A compromise was identified in June and July of the Unique Identification Authority of India, or UIDAI, the government agency that oversees the national identification database. A U.S.-based private cybersecurity company said Wednesday, Sept. 22, 2021, it has uncovered evidence that an Indian media conglomerate, a police department and UIDAI.
Chinese authorities have consistently denied any form of state-sponsored hacking and said China itself is a major target of cyberattacks. The allegation has the possibility of increasing friction between the two regional giants, whose relations have already been seriously strained by a border dispute that has led to clashes this year and last year.
What is Cobalt Strike
The charges filed by Sherwin against Chinese citizens for offensive computer intrusions allege that attackers "installed Cobalt Strike malware on Indian government protected computers". Cobalt Strike is a readymade tool that is also used as a penetration testing tool but is often exploited by threat actors. In its report, the Insikt Group suggested the cyberattack could be related to those border tensions.
Amid the controversy of data harvesting by Zhenhua Data, another group of Chinese hackers is in the news for attacking and compromising secured networks and computers belonging to the Indian government last year, court documents filed in the United States have revealed. The Chinese hackers also targeted the phone data of a Tibetan monk in India.
Zhenhua Data, based in the south-eastern Chinese city of Shenzhen, compiled a database relying heavily on public open-source data. Unlike the Zhenhua Data leak, this Chinese attack offensively targeted the database servers by connecting to the Virtual Private Network (VPN) used by the Indian government. The court documents reviewed by India Today suggest that the Chinese attackers used both open market paid malware variants and customised self-developed programs in their operations.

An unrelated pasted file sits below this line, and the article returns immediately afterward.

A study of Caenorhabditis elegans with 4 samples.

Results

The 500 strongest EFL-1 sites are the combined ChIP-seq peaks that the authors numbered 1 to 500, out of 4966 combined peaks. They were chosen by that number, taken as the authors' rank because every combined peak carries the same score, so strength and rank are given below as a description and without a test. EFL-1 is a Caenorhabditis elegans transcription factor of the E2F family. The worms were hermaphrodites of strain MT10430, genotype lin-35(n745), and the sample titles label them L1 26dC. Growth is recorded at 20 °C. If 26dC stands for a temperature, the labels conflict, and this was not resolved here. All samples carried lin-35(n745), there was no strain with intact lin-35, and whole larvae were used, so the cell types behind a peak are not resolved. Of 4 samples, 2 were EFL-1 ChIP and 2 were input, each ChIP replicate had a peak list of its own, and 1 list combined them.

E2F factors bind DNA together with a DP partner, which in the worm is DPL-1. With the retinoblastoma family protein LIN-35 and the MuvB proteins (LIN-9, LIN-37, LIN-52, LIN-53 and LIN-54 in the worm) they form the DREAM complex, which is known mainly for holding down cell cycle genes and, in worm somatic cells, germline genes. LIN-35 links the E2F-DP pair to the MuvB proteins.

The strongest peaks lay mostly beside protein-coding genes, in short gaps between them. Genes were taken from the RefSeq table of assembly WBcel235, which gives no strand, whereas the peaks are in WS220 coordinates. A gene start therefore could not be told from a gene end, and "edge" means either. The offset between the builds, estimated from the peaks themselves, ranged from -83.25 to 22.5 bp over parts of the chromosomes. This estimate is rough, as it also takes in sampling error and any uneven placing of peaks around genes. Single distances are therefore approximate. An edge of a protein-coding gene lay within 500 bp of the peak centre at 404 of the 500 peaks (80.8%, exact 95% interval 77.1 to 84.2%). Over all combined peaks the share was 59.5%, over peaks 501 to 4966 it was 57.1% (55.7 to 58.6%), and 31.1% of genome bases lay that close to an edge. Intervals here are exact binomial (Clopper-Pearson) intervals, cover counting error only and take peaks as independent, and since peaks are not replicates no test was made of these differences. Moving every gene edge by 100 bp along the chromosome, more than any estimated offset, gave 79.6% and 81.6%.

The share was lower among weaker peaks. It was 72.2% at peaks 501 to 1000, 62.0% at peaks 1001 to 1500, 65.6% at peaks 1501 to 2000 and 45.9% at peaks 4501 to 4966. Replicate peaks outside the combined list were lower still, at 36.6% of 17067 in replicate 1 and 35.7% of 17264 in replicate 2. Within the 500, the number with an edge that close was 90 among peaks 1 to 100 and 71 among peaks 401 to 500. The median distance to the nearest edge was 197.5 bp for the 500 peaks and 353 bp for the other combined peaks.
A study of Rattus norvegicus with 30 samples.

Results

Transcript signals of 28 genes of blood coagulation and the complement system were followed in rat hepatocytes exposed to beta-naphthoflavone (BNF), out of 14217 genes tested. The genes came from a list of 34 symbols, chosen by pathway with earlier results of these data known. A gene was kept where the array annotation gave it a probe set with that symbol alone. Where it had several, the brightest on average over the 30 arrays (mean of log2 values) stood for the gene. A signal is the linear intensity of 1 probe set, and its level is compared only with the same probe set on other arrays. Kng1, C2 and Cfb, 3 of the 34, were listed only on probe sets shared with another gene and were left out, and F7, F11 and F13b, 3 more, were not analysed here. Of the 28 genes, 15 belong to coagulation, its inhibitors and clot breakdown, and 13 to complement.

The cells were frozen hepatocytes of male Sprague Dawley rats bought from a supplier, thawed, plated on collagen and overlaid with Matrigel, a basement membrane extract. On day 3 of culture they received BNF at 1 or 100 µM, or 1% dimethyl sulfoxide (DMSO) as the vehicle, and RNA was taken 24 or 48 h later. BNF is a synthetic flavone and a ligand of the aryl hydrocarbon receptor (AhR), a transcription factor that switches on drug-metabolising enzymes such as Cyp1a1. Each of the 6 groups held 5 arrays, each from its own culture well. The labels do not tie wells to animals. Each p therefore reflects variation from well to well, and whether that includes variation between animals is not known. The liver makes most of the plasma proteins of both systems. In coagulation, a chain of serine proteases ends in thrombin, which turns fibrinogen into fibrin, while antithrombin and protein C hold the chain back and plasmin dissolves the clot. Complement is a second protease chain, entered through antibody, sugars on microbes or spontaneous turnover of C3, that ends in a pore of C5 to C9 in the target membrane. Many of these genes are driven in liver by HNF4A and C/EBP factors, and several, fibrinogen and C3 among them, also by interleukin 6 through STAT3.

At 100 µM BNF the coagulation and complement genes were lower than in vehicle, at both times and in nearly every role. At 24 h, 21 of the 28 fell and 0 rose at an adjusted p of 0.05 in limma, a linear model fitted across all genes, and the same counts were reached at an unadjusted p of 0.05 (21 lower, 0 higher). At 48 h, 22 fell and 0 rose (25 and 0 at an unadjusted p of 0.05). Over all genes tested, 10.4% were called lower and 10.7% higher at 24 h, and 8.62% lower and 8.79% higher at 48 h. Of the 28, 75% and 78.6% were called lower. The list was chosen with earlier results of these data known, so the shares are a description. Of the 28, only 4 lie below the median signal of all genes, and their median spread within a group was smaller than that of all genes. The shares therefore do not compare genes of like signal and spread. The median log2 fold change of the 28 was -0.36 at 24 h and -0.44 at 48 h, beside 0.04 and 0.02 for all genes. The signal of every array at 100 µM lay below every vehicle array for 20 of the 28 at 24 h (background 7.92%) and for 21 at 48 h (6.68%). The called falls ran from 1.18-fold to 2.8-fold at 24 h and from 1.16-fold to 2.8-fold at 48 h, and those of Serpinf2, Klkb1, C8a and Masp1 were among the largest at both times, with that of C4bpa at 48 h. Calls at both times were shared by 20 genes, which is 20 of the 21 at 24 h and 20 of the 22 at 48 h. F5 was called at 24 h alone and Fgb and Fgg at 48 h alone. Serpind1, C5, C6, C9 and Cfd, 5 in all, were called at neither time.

Tibetan monks in India targeted
The charges filed by US prosecutors also reveal that Chinese attackers targeted the phone data of an India-based Tibetan monk in 2019. The Chinese operators used a customised tool called 'SonarX' to store their harvested data. The entries filed in their database showed that the hackers had information about the Indian phone connections used by the Tibetan monk, their chat contents, contacts and usage of digital platforms.
The three top individuals involved in India operations have been identified as Chinese citizens Jiang Lizhi aka Blackfox, Qian Chuan aka Squall and Fu Qiang aka StandNY. All three individuals work for a China-based technology firm called Chengdu 404 Network Technology. Chengdu Technology has been also charged for running multiple computer-operated attacks against several countries, including the US and the UK.
Recorded Future said all victims of the hacks were notified ahead of the publication of the report and provided with its full findings. Most of the data was in the "DNS queries category, which got blocked/dropped at our defense infrastructure," he said in an emailed comment. The company's own investigation of the hack classified the incident as "non-serious alerts and false alarms," he said.